Snow Mold on My Carolina Lawn? You Bet Ya! Find Out How To Prevent It

Living in North or South Carolina, you may be confused about whether or not you should prepare your lawn for winter. Our winters are shorter than those in some of the northern states and though it does occasionally snow, the amounts we receive are low. You may have a mixture of both warm and cool-season types of grass, making it even more confusing. But because we never really know what Mother Nature will throw our way, it’s important to be prepared. Impeccable Lawns has you covered. We’re here to help you understand the damage Old Man Winter can do to your turf and how you can prevent it this fall.

Types of Grasses in North and South Carolinasnow mold

First, it’s important to know what type of grass you have on your lawn. Warm-season grasses include Bermuda, zoysia, centipede, and St. Augustine. Cold-season grasses include fescue, Kentucky bluegrass, and ryegrass. Both warm and cool-season types of grass go dormant and turn brown in the winter. Warm-season grasses start to “hibernate” when soil temperatures reach 65 or below, while cool-season grasses go dormant once temperatures fall consistently below 45 degrees. They will not turn green again until spring arrives. This doesn’t mean your grass has died; it is, in fact, just waiting to grow again when the warm weather comes back.

The Dangers Winter Brings to Your North and South Carolina Turf

Winter doesn’t just bring cooler temperatures and longer nights, it also brings risks for your turf. Sections of your lawn can die from cold temperatures, harsh winds, ice, and lack of moisture. When temperatures drop extremely low, especially for extended periods, warm-season grasses can die or take much longer to bounce back in the spring. Snow, regardless of how much or little is obtained, can create a fungal disease known as snow mold. While it occurs mainly on cool-season grasses, it can affect both types of turf.

What is Snow Mold?

Snow mold is a fungus that grows in circular patches on your lawn. Because snow traps heat and moisture beneath it, the grass creates the perfect environment for bacteria. Snow mold typically appears after the snow melts in late winter or early spring and comes in two different varieties, grey snow mold and pink snow mold.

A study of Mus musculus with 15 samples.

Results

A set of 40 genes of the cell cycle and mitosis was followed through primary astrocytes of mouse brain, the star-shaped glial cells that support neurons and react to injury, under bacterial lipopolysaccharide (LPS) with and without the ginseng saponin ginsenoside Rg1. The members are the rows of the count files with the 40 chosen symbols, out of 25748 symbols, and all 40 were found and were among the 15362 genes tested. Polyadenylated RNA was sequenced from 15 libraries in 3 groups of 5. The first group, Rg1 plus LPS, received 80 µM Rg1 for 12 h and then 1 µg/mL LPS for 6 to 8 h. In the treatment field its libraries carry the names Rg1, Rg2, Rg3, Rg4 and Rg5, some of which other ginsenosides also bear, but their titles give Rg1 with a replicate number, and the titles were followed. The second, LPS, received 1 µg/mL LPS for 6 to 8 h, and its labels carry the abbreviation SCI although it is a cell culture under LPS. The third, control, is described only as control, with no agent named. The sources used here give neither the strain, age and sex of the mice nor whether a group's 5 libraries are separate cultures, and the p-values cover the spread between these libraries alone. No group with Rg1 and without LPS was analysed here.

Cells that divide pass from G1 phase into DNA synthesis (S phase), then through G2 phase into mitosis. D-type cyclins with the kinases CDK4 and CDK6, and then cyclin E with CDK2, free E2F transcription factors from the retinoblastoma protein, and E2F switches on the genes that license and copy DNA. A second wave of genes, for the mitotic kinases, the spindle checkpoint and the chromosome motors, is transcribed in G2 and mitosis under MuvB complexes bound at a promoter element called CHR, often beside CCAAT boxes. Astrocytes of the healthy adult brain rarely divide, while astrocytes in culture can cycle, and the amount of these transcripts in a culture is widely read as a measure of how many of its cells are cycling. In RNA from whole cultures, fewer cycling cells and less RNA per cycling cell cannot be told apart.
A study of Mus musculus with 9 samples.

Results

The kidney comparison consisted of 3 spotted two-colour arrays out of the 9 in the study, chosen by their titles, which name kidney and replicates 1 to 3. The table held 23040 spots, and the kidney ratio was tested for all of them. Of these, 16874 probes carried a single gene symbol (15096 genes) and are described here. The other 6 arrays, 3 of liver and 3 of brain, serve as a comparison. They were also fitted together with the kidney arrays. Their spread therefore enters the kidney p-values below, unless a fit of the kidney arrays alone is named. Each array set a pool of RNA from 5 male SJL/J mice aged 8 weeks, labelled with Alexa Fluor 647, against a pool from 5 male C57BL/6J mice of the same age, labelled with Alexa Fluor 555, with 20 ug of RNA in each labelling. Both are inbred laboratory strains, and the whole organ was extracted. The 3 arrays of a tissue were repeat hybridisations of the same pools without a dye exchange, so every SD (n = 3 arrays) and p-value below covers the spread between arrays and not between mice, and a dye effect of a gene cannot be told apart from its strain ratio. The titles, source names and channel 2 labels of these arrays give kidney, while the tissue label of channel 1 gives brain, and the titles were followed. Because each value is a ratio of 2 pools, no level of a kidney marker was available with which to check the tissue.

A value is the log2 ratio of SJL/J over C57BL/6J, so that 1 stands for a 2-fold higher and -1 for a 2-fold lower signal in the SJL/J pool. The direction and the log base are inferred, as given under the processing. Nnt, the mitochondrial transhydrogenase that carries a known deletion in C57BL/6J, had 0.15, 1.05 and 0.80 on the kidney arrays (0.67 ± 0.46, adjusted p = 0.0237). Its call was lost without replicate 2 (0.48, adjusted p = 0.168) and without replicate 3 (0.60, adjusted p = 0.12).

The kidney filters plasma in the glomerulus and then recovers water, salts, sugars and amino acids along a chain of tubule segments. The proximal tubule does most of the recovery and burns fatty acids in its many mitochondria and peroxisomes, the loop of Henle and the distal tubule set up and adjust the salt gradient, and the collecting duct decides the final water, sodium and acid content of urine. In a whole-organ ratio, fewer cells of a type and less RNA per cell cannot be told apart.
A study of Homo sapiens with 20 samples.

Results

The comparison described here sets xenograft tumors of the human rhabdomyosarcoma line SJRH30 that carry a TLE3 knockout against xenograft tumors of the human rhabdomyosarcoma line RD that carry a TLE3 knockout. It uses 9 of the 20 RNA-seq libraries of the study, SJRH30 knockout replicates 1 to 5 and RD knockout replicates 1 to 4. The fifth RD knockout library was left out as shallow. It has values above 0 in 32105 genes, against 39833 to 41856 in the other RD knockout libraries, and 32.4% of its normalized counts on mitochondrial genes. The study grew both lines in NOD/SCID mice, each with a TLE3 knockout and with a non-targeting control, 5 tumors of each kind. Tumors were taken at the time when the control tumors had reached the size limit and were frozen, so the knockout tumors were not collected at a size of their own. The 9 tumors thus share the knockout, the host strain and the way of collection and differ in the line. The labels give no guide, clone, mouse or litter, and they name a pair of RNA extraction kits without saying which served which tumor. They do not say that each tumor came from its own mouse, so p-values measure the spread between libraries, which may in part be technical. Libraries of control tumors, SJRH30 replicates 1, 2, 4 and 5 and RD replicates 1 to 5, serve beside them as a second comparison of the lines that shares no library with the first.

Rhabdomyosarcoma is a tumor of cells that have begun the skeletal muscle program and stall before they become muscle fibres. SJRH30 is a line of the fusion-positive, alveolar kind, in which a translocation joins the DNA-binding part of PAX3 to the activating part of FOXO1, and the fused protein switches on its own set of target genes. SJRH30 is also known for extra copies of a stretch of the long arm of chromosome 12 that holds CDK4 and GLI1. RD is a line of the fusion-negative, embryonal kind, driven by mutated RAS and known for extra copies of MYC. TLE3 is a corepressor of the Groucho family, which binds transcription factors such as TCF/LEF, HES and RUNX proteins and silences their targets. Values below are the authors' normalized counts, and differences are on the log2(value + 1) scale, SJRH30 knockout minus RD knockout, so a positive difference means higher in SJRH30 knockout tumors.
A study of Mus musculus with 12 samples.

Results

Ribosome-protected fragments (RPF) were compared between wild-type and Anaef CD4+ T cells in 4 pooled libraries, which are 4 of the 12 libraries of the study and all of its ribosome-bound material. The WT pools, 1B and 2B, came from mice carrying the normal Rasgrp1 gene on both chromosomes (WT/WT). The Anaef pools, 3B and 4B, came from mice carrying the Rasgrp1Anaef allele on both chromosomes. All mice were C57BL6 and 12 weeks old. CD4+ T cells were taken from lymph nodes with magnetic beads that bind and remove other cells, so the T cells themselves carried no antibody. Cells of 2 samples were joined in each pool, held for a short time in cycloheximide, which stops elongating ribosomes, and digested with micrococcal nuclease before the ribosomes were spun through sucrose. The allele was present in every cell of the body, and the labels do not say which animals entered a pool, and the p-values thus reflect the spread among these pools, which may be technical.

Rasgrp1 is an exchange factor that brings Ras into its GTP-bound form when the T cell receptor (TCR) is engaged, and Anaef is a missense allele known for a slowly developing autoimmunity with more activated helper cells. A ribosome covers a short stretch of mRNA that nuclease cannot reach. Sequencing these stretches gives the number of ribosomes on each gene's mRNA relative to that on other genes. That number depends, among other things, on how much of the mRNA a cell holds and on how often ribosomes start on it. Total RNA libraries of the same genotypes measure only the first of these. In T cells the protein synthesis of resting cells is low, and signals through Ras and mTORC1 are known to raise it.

Grey Snow Mold
This fungus appears as large patches of grey or straw-colored grass in the early spring. The patches are between six to 12 inches in diameter with a grey border. Grey snow mold┬ábecomes more severe when your lawn’s surface temperatures stay at or above freezing for an extended period.

Pink Snow Mold
Pink snow mold is a bit more serious. This fungus aggressively attacks the roots and crowns of your grass, causing incredible damage and plant death. Symptoms include one to eight-inch irregularly shaped patches of red, brown, or copper-colored grass. Pink snow mold patches have a pink border around them. As winter progresses, pink snow mold takes over large portions of your lawn.pink snow mold

Both types of snow molds damage your grass and weaken its immune system making your turf more susceptible to other diseases, damaging lawn pests, and persistent weeds.

Prevention of Snow Mold Starts With Lawn Care

When it comes to snow mold and other problems that occur in the winter, the best way to manage these conditions is through prevention. And what better way to prevent this condition from destroying your lawn than through proper lawn maintenance. Keeping your turf healthy throughout the year is the best way to build up your grass’s immune system. Maintain your property throughout the year with proper irrigation, mowing, and aeration. Utilize an adequate fertilization program that contains weed and pest control. Stop using nitrogen-rich fertilizers at the end of the fall because nitrogen feeds fungi. Following proper practices will provide your North or South Carolina lawn with the health and resiliency it needs to remain healthy year-round.

Fall Lawn Preparation

When fall comes around, it’s important to prepare your lawn for the upcoming winter. There are several ways to help do this. Continue to mow your grass until the first frost or the grass stops growing. Shorter grass tends to become less matted. Rake or mulch the leaves and remove all lawn debris before any snow or frost occurs. And have a lawn care professional such as Impeccable Lawns apply a fungicide in the fall that will help protect your lawn against snow mold and other lawn fungi.

Protect and Prevent Your Grass from Snow Mold With Impeccable Lawns Lawn Fertilization Service

Impeccable Lawns can help protect and prevent your lawn from becoming damaged this winter. Our 7-step lawn fertilization program offers the appropriate lawn maintenance needed at the right times throughout the year. Our comprehensive program includes a blend of nutrients for proper fertilization, weed control, green-up, and fungicide treatments applied in the fall. During these autumn months here in North and South Carolina, we will take a soil sample to determine your soil’s pH levels. We will also perform aeration, which will help reduce any soil compaction that occurred over the summer and apply fungicide to eliminate and prevent any lawn fungi that creeps up over the winter.

Learn more about our 7-step lawn fertilization program by visiting our website, contacting us online, or calling us at 910-575-5296 now.